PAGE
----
Store Layouts can Increase Customer Traffic

Floor Plan

The layout of your store isn’t just a function of the furniture you buy or the shape of the room. Store layout is the design of the floor space and product placement within the store. It is critical to consciously plan the layout of your store based on how you would like your customers to interact with your products.

In order to determine whether your store is laid out in the optimal manner, it’s important to monitor the flow of your customers. This means observing the way customers pass through the store, and counting how many and in what patterns they do so.

Once you have an idea of this pattern of flow, you can assess which areas are performing well and which areas need some adjustment, so you can better direct your customers to the products that you’d like them to purchase, generating additional profit.

A prime example of using store layouts to manage the flow of customers is the supermarket. Supermarkets are laid out in a grid fashion, with aisles extending up and down the store. Essentials such as milk are placed at the back of the store, so that customers are forced to pass through other aisles on their way to pick up the milk. During this time, the supermarket is hoping that a customer will remember something else they need or simply notice a product that interests them.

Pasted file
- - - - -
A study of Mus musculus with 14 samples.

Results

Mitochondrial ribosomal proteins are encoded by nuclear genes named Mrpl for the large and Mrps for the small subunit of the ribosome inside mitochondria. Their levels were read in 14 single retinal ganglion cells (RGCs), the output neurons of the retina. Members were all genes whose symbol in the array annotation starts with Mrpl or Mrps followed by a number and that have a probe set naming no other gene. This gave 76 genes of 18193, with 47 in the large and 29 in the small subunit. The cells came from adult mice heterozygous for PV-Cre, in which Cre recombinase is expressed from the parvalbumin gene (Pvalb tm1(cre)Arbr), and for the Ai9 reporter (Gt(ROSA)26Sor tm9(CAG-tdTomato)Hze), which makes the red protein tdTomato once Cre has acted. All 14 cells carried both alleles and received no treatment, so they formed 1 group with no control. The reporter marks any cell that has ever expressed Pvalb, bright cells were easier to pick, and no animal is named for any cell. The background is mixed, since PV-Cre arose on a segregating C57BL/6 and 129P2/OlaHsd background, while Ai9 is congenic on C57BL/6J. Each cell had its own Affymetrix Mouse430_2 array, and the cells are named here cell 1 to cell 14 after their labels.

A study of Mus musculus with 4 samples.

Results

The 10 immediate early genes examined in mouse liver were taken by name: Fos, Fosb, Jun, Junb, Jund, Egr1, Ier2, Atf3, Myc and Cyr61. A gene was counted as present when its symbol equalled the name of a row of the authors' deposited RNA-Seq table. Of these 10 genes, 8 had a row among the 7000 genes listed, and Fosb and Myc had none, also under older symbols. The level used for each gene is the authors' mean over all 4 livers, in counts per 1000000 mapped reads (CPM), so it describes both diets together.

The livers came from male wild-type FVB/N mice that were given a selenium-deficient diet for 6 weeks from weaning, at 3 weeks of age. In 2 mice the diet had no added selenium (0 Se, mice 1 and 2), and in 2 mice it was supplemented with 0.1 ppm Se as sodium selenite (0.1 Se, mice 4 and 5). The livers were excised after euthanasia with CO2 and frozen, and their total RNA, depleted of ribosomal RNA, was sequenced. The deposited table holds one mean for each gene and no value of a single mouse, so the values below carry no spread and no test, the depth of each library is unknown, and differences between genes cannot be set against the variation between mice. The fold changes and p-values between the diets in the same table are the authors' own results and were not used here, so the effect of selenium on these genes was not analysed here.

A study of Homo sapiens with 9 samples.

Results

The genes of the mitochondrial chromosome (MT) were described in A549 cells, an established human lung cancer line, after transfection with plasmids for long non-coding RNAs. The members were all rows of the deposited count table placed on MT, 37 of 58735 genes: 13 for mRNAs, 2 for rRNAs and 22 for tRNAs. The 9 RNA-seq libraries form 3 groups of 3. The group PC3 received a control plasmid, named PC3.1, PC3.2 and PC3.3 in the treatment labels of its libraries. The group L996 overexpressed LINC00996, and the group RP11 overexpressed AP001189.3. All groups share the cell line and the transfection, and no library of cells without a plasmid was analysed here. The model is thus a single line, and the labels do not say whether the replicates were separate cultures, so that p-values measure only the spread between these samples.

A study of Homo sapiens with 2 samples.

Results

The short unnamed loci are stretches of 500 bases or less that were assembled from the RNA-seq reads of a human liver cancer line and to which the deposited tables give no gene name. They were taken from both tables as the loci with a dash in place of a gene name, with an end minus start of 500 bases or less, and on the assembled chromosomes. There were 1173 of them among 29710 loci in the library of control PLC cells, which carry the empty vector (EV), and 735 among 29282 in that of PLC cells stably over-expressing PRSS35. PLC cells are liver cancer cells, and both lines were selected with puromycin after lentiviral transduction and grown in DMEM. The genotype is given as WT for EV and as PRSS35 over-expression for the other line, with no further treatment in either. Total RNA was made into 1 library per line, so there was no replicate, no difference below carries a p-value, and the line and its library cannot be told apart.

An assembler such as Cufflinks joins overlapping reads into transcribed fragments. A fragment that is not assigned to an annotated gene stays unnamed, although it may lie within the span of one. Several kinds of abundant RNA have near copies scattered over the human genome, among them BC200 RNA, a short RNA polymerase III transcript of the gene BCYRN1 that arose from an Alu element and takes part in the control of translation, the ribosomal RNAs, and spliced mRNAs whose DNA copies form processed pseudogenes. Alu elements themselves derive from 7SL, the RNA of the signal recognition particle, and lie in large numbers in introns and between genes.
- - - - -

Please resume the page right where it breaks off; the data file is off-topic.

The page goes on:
A lot of time and money goes into planning the aisles and product placement in supermarkets, and the same principles apply to small stores too. You should always be looking to improve the flow of traffic through your store to increase your sales. For example, keeping impulse items near the checkout and high profit products in high traffic areas can have profound effects on your bottom line.

Further to this, use signage and layout to direct your customers to areas that you think they should be visiting. Remember to allow enough room for customers to comfortably browse, pass each other, and even take prams and wheelchairs through.

A simple yet important addition to induce shopper behaviours is lighting – by spotlighting featured products, you will be drawing the customer’s attention to the product’s you want them to buy. Also, ensuring that your store is well lit generally is key in keeping customers in the shop. This is because they shouldn’t have to strain their eyes to view your products and prices. By creating a comfortable environment and an inviting ambience, you’re encouraging your customers to settle in and shop with you.

Some store owners think of layout and traffic as a science. They even analyse the flow of their customers via closed circuit television, making notes and measuring this against the goals they have set for product sales.

No matter how serious you are about analysing shopper behaviour inside your store, it’s important to apply the fundamentals and perhaps more importantly, assess the results and keep making changes to see how they affect flow and sales. Constantly tweaking your store layout and flow will help you discover the best formula for selling your product.